Sustainable practices are being considered more often within healthcare due to the growing interest in them. As the interest builds, healthcare leaders are looking for a guide or benchmark for how to improve their sustainability efforts.
One way of gauging an organization’s efforts or commitment is through certification.
The Joint Commission recently introduced a Sustainable Healthcare Certification, which was created to form a framework for healthcare leadership and governance to better help set priorities with regards to sustainability efforts, according to its website. This certification is available for hospitals and critical access hospitals.
According to the website, Jonathan B. Perlin, president and CEO of The Joint Commission Enterprise says, “In healthcare, we are united in the mission toward doing good for all people. As an unintended consequence of our work, however, we are contributing disproportionately to climate change.”
Hospitals consume a great deal of energy because of their need to keep systems running around the clock. Because of this, hospitals are looking toward alternative and renewable measures for their main energy sources and to make overall operations more efficient. Still, these decisions may present some hurdles for facilities managers to overcome.
The major obstacle that needs to be overcome is the high initial investment. Switching to renewable energy requires swapping out a hospital’s existing infrastructure to one that will be compatible with the new power source. This will lead to costs quickly racking up for any renewable energy project. Additionally, even just making smaller scale changes, such as switching to heat pumps or combined heat and power (CHP), can be expensive too.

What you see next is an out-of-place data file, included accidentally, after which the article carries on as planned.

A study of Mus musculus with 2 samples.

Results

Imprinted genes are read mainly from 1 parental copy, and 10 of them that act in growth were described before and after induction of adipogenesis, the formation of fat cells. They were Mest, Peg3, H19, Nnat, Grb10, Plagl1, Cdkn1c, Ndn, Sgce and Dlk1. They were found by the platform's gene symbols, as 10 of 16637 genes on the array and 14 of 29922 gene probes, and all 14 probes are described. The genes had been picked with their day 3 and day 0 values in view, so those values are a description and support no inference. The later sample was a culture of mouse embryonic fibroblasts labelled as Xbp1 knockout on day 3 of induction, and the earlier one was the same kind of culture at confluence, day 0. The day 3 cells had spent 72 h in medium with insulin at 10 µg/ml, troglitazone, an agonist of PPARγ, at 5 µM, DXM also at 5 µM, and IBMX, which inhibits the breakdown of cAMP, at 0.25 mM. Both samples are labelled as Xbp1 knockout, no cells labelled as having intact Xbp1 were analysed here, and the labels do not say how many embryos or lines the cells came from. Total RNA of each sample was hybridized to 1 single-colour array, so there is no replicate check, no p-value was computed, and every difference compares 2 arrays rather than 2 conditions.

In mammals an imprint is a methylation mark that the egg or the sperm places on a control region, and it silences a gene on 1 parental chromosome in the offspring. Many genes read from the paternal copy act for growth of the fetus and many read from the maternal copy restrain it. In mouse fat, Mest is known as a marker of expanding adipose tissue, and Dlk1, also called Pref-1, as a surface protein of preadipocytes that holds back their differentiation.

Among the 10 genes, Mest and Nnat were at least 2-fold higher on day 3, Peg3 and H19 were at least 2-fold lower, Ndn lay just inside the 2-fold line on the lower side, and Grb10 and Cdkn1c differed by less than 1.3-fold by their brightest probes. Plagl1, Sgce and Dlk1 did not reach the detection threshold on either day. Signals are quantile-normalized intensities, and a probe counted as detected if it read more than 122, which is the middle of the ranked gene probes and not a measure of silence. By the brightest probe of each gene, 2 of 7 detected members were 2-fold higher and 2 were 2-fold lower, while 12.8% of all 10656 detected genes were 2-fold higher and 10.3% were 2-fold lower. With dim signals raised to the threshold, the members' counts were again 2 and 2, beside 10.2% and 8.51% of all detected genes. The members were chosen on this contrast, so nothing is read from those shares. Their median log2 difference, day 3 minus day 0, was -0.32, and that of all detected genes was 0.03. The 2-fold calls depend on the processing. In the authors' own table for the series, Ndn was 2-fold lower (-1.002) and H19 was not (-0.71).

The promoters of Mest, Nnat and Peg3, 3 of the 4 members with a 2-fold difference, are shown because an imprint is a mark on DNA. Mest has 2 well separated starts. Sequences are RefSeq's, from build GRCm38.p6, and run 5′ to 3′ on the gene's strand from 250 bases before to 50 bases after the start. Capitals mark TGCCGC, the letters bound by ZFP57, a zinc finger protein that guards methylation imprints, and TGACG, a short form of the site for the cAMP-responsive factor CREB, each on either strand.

That is not to say these hurdles are insurmountable. There are programs or initiatives available for hospitals to take advantage of, such as the Inflation Reduction Act (IRA) and the 179D tax deduction, that can help ease the financial burdens for making the switch.
Even with that initial cost, there are still several benefits of making either choice, such as reduced energy costs, more efficient energy usage, smaller carbon footprints, stable energy and an overall lessened impact on the environment. Ultimately, it comes down to balancing the costs and the benefits for each individual hospital.
Sustainability, while an intangible concept itself, provides real and palpable effects for hospitals and other healthcare facilities. As the push for sustainable practices grows even more into mainstream consciousness, these hurdles will become less of a barrier to entry. Sustainability is becoming a standard for healthcare facilities to strive for now and into the future.
Jeff Wardon, Jr. is the assistant editor for the facilities market.